The smoking-ban war is on. The Ohio secretary of state s office yesterday certified an exemption-laden proposal for the Nov. 7 ballot. Voters will choose between that proposal which would exempt bars, restaurants with separate enclosed smoking areas, bowling alleys, and a menu of other locations and a strict prohibition on lighting up in nearly all indoor public places.
COLUMBUS The smoking-ban war is on.
The Ohio secretary of state s office yesterday certified an exemption-laden proposal for the Nov. 7 ballot. Voters will choose between that proposal which would exempt bars, restaurants with separate enclosed smoking areas, bowling alleys, and a menu of other locations and a strict prohibition on lighting up in nearly all indoor public places. Or voters may opt for no ban at all.
We re not surprised they made the ballot, said Tracy Sabetta, spokesman for the strict SmokeFreeOhio proposal, which would appear as Issue 5 on the ballot. The weaker ban, Smoke Less Ohio, would be Issue 4.
They defrauded voters into signing petitions from the very beginning, Ms. Sabetta said. R.J. Reynolds is trying to buy itself a page in the Ohio Constitution. The task over the next 45 days is to tell voters these are two different proposals and that Issue 4 does not protect public health or level the playing field. If Issue 4 wins, we all lose.
Unlike SmokeFreeOhio, whose mission is to convince voters to approve Issue 5 and reject Issue 4, the weaker Smoke Less Ohio ban simply has to make sure its own proposal passes.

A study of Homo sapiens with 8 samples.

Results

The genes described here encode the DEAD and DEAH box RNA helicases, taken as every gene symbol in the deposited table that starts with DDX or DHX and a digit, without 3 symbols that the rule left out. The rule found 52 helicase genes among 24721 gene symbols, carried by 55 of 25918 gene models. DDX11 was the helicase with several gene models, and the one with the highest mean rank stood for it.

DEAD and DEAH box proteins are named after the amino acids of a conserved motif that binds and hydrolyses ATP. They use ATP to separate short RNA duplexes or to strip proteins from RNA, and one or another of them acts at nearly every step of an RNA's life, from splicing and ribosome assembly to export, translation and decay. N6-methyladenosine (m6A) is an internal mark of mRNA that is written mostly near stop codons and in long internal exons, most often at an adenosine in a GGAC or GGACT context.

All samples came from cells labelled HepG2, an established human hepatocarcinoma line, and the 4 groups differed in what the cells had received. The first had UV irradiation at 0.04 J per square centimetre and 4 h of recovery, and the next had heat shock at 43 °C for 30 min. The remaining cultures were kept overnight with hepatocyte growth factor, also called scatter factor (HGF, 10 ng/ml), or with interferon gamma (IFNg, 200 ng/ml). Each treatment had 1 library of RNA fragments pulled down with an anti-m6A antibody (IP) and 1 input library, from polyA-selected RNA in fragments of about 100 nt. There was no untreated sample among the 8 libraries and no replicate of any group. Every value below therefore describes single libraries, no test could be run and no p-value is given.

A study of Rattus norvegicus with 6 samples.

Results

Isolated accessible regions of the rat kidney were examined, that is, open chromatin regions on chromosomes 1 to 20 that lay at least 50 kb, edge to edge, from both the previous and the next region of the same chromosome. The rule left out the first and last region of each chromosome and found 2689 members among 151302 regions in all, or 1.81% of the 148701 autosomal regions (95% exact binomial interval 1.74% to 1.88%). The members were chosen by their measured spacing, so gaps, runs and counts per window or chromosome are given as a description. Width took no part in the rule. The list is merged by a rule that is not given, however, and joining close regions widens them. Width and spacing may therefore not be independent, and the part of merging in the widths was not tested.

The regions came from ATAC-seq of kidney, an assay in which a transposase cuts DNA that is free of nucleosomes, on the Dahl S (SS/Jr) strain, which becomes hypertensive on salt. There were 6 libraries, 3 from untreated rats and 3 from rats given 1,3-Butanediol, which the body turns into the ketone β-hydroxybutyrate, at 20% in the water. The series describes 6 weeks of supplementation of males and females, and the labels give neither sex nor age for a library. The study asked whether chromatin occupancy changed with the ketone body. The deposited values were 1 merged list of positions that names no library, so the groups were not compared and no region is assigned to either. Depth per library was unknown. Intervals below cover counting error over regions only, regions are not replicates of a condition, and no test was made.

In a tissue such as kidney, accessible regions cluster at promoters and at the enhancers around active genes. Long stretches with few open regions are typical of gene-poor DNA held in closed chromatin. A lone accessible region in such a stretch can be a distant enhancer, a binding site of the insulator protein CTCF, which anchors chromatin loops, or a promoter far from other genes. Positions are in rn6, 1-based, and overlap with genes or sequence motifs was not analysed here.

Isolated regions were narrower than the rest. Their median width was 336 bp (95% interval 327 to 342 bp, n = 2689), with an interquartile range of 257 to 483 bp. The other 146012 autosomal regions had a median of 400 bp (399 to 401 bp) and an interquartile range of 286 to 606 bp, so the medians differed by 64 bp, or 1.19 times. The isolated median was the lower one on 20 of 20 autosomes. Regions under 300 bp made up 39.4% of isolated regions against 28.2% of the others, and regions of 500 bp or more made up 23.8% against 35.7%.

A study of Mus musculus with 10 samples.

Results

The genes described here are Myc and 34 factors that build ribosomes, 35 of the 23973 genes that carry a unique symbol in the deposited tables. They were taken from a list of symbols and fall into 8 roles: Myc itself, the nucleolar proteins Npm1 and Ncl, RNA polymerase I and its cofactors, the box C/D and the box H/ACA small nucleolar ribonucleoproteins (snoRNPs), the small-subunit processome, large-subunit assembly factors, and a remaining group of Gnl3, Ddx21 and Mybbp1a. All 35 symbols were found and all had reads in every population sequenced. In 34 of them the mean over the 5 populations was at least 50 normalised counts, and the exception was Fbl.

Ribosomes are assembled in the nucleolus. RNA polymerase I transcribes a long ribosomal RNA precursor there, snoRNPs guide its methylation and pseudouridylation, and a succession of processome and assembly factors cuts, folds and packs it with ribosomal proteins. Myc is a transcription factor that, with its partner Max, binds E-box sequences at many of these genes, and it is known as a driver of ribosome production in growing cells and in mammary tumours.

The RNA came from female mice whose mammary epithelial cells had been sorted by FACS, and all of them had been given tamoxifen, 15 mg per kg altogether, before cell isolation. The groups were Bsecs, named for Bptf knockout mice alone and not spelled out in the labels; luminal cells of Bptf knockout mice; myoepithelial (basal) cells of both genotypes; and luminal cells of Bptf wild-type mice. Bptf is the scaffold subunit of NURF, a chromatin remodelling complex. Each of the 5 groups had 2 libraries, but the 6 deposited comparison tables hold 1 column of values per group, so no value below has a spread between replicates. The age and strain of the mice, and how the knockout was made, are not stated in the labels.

As a proposed constitutional amendment, Smoke Less Ohio s Issue 4 exemption-laden ban pushed by the tobacco and hospitality industries would trump the stricter SmokeFreeOhio s Issue 5 initiated statute, even if the latter garners more votes.
The constitutional amendment also would overrule stricter clean indoor air laws already on the books in Toledo, Bowling Green, Columbus, and 18 other cities.
What is being put on the ballot is what Ohioans want, said Smoke Less Ohio spokesman Jacob Evans. They want a reasonable, common-sense approach.
Supporters of the weaker proposal argue that it still would prohibit smoking in 90 percent of indoor workplaces frequented by the public and would protect jobs in bars and restaurants that fear the loss of smokers business.
Opponents, led by the American Cancer Society, counter that the weaker ban would continue to expose 500,000 workers in bars, restaurants, and other exempted businesses to second-hand smoke.
Smoke Free Ohio plans to remind voters at every opportunity that the major financial backer of the weaker ban is R.J. Reynolds, the North Carolina-based manufacturer of such cigarette brands as Camel, Winston, and Salem.
The ballot landscape could still change. Challenges to petitions on both sides are pending in the Ohio Supreme Court and secretary of state s office. At this point, it would take a court decision to remove either issue from the ballot.
Two other proposed constitutional amendments have been certified for the ballot, a slots-for-scholarships proposal and a hike in Ohio s minimum wage from $5.15 an hour to $6.85.
An effort to ask voters to repeal portions of a new law reducing benefits for some injured workers came up short on petition signatures, according to the secretary of state s office. But court maneuvering last night prevented the office from denying the issue a spot on the ballot while legal fights continue.
Contact Jim Provance at: email@example.com or 614-221-0496.